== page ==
He pronounces that nonproliferation treaties and disarmament efforts by the U.S. will encourage North Korea and Iran to give up their nuclear plans. Neither the Cold War experience nor the development and spread of nuclear programs among these rogue states (all while the U.S. nuclear arsenal was declining) suggests this is a viable plan. But we must have faith.
Nowhere is fact-less policy more in evidence than in our Middle East policy. As Elliot Abrams details, Obama’s Middle East policy “is in fact following a highly ideological policy path” built on denial of the very real threat posed by Iran’s acquisition of nuclear power and the fiction that the key to unlocking peace resides in Israel’s unilaterally freezing all settlement growth. He observes:
A recent International Monetary Fund report stated that “macroeconomic conditions in the West Bank have improved” largely because “Israeli restrictions on internal trade and the passage of people have been relaxed significantly.” What’s more, says the IMF, “continuation of the relaxation of restrictions could result in real GDP growth of 7 percent for 2009 as a whole.” That’s a gross domestic product growth rate Americans would leap at, so what’s this dispute about?
It is, once again, about the subordination of reality to preexisting theories. In this case, the theory is that every problem in the Middle East is related to the Israeli-Palestinian dispute. The administration takes the view that “merely” improving life for Palestinians and doing the hard work needed to prepare them for eventual independence isn’t enough. Nor is it daunted by the minor detail that half of the eventual Palestine is controlled by the terrorist group Hamas.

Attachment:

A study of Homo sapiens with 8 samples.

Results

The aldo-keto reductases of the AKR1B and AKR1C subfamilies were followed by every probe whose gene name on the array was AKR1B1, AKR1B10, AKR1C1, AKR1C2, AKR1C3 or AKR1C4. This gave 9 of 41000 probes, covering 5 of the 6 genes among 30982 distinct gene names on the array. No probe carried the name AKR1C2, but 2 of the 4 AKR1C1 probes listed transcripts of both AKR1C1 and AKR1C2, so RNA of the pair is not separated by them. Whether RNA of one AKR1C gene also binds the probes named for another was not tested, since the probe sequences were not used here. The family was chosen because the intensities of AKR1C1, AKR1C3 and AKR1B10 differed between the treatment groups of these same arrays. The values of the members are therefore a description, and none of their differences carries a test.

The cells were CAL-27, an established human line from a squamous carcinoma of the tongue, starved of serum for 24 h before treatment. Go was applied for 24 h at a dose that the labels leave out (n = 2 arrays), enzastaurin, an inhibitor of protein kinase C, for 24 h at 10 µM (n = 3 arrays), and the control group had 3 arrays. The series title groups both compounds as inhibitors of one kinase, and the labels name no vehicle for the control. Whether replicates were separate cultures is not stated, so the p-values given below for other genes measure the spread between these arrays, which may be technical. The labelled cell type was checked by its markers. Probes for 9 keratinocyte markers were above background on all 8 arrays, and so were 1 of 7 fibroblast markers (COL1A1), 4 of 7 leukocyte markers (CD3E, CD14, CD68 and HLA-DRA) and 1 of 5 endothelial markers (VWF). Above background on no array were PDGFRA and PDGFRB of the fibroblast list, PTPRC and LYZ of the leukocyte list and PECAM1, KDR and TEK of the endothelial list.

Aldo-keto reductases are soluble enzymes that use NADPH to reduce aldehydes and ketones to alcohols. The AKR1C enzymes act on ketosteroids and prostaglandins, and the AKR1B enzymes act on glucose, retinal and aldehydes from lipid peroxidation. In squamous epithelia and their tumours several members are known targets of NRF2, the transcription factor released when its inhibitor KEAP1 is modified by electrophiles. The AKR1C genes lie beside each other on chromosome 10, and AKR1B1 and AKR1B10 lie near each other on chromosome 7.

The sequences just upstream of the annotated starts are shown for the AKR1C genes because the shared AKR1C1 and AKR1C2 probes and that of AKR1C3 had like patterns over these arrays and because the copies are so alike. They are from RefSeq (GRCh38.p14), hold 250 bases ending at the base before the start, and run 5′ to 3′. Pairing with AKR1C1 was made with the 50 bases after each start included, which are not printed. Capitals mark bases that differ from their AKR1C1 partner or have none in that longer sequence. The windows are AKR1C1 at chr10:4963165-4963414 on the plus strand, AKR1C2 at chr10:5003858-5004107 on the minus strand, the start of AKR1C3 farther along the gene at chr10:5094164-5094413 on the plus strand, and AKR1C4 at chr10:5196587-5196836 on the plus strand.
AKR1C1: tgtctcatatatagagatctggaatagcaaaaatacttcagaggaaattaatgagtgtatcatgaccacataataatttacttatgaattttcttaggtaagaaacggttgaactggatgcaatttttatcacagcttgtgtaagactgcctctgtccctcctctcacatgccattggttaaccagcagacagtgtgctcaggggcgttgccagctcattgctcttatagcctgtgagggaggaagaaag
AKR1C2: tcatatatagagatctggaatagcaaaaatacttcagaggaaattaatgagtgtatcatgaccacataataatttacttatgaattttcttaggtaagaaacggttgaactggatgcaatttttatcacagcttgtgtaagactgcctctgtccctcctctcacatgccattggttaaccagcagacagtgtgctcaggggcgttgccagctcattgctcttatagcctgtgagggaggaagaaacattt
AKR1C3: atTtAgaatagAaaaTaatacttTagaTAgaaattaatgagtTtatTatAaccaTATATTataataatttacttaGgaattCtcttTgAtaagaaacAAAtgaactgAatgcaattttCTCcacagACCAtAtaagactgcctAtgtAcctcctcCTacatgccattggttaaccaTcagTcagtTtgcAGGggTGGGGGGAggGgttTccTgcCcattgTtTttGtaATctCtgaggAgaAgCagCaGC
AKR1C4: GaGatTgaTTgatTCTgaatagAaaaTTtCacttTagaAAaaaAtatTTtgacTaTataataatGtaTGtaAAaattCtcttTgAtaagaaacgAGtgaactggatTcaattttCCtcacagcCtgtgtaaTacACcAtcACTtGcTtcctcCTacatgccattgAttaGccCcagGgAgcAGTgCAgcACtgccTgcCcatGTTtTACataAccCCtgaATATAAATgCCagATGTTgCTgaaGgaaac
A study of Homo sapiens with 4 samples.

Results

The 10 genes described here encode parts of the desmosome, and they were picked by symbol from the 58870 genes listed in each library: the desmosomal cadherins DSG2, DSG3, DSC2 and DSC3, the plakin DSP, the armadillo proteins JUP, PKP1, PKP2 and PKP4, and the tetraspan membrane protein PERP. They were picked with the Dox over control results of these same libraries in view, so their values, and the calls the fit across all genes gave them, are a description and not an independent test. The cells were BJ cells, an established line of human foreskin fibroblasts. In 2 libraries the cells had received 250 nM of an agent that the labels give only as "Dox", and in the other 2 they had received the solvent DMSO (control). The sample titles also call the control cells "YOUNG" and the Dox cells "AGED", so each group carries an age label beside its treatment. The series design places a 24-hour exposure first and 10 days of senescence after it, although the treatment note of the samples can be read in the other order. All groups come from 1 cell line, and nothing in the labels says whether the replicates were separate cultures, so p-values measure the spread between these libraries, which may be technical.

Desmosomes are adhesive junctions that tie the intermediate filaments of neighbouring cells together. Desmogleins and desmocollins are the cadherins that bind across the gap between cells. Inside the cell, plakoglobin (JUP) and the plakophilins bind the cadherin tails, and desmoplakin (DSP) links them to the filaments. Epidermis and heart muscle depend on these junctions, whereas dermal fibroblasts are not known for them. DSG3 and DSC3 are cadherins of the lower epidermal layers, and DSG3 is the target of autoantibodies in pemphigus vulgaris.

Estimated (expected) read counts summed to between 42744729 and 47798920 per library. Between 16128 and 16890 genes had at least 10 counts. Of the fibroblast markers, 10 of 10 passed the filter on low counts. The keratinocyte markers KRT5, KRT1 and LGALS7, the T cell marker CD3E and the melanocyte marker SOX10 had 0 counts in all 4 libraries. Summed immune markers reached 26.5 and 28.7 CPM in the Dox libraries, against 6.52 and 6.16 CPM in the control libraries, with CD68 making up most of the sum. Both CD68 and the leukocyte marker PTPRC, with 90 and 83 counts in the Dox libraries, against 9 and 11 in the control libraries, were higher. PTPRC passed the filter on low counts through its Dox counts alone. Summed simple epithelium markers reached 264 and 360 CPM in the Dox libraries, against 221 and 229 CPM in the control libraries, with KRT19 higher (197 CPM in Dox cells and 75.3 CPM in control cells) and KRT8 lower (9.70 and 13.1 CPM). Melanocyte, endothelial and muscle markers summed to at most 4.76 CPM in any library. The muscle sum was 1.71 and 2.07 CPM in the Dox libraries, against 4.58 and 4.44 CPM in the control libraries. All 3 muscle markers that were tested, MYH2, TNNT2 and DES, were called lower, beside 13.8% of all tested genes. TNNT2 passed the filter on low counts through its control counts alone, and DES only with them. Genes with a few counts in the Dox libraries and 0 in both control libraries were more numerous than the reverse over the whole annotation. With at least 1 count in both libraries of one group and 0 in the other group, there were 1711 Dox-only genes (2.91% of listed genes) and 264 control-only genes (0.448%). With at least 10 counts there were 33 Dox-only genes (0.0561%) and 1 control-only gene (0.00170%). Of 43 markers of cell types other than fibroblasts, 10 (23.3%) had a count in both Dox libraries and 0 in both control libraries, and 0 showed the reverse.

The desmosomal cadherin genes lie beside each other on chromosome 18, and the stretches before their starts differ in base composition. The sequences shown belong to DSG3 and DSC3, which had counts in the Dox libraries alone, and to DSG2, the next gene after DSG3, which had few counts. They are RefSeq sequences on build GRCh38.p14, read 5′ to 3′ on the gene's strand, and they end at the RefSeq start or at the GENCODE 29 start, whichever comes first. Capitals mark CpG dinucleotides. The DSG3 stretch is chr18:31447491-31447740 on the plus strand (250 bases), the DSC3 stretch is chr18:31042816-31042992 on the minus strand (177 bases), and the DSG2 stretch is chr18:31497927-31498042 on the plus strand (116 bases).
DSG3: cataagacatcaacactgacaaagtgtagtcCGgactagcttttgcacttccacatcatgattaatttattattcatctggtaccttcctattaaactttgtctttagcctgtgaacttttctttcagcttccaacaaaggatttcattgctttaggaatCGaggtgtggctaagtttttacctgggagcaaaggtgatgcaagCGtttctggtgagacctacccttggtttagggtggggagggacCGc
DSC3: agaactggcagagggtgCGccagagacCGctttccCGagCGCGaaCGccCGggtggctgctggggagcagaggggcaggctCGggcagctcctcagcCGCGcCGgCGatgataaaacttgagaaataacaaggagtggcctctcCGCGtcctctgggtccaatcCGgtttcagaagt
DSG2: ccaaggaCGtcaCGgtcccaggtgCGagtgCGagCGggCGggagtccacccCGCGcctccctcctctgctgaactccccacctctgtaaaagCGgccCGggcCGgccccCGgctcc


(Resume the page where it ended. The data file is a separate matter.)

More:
In all these discrete areas Obama comes to the issue with a preexisting belief system — cops engage in racial profiling, government-run health care will be cheaper, government spending creates wealth, disarmament impresses aggressors, Israel’s settlements are the central problem in the Middle East — which requires Herculean efforts to rewrite or ignore history and economic realities.
Unlike Obama, the public can see the world as it is and recall history as it actually occurred. We know carbon emissions will only increase so long as India and China refuse to shackle their own economies. We know Keynesian boondoggle spending doesn’t work to pull us out of recessions — and hasn’t created any jobs this time around. We know Israel has withdrawn from land in hopes of achieving peace (in Gaza most recently) and offered the Palestinians their own state. But such data is irrelevant, a nuisance to be swept away, as Obama pursues his liberal vision here and abroad.
Despite his disdain for facts, Obama cannot evade reality indefinitely. Unemployment figures and polling data are real. Deficit figures are real. And the public’s unease with political zealotry is real as well. Unless Obama gives up his aversion to empirical evidence, the voters will deliver a dose of reality.
After all, unlike religion, the people get the final say in politics.